I want to make a word ‘eatable,’ but the problem is I cannot make ‘eatenable.’ Does it mean just ‘-able’ can cover from a passive form to an active form?


As you see the definition in the site, ‘eatable’ can mean ‘able to be eaten,’ but it’s an active voice. How does it mean ‘able to be eaten,’ not ‘able to eat something’?

  • What do you mean by 'Does it mean just ‘-able’ can cover from a passive form to an active form to any forms?'? .... As i explained in my previous answer, the suffix -able can only be attached to the infinitive form ('eat').
    – Void
    Commented Mar 7, 2021 at 18:31
  • For example, can -able mean ‘able to do something,’ ‘able to be done’ and ‘able to do something in the future/past’?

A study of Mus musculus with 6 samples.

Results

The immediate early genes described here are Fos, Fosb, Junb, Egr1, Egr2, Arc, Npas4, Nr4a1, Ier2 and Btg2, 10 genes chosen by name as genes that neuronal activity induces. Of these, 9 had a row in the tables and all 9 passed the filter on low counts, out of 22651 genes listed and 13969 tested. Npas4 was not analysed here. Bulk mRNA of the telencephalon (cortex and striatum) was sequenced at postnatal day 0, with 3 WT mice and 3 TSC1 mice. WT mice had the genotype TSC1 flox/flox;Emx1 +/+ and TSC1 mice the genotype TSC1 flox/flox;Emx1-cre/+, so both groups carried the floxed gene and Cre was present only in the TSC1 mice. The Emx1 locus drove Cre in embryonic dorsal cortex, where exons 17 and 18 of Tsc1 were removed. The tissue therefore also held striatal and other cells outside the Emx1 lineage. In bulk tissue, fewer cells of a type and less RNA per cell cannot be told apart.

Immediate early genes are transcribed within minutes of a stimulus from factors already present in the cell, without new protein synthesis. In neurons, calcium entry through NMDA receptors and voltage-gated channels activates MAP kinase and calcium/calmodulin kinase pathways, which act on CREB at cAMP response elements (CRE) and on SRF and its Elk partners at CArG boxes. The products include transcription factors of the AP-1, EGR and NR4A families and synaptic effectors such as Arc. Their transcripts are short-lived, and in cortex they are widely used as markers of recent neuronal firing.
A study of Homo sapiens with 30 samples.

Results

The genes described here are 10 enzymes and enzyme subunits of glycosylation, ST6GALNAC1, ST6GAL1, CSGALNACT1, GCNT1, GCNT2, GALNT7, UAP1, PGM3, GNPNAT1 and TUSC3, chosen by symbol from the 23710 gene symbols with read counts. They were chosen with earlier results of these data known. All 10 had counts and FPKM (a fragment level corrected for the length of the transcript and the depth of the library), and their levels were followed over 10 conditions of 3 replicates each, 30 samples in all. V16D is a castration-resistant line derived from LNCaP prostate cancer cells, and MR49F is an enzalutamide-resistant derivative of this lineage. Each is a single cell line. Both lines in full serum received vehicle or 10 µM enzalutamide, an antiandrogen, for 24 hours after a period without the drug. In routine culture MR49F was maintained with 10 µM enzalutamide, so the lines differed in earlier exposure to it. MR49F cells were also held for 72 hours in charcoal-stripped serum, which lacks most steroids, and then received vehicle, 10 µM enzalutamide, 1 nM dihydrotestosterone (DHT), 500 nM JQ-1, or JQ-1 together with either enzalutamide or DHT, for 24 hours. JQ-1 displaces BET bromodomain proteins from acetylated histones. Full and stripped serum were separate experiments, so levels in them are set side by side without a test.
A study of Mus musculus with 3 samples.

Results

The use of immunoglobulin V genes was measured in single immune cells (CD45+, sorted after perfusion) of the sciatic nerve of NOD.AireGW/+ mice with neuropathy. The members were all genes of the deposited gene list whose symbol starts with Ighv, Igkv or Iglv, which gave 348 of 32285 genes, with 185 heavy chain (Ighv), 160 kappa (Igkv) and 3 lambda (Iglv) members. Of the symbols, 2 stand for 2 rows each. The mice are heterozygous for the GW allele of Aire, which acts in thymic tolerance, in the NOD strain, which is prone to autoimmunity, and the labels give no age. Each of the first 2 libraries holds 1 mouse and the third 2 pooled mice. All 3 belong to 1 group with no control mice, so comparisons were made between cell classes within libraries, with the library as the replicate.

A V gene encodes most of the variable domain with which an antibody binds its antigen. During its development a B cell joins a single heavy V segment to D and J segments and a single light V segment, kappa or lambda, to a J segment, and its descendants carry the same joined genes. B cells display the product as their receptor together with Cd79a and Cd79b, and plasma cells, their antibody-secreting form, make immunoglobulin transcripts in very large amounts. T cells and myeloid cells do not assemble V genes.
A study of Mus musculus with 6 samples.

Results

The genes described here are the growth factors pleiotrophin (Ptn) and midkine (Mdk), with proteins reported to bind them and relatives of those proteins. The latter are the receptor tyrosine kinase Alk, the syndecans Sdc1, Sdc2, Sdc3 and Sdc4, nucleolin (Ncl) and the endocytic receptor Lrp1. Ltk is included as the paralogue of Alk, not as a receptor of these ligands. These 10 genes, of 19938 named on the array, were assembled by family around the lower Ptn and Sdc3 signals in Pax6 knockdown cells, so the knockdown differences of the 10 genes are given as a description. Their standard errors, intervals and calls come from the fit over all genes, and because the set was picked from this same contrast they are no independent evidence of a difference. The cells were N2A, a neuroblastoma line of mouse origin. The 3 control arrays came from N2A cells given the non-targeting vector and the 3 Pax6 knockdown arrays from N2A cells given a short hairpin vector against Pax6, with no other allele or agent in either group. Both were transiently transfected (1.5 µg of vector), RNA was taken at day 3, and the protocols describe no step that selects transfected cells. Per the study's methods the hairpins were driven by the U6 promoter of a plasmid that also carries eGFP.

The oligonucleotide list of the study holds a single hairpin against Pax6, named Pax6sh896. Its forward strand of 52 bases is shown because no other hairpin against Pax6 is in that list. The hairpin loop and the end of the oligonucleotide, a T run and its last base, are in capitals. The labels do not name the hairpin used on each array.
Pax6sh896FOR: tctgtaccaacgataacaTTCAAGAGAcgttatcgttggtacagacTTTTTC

– user131090
    Commented Mar 7, 2021 at 18:33
  • Can you edit your question and explain what context you'd use 'eatenable' and 'ateable' in? Also include the research you have done. (X-able means able to be X'ed.)
    – Void
    Commented Mar 7, 2021 at 18:34

2 Answers 2


-able usually has a passive sense ("able to be XXX-ed"), but not always.

Wiktionary gives five different meanings for the suffix; but note that "able to XXX" is not one of them.

I think only the passive meanings (1,4,5) are productive, though.


I think you might be looking for the word edible (something is edible if it is not poisonous to eat). E.g. those are edible rocks as they are made of chocolate. Alternatively something is inedible if it cannot be eaten or is not fit to eat e.g. the cooking here is inedible it tastes horrible.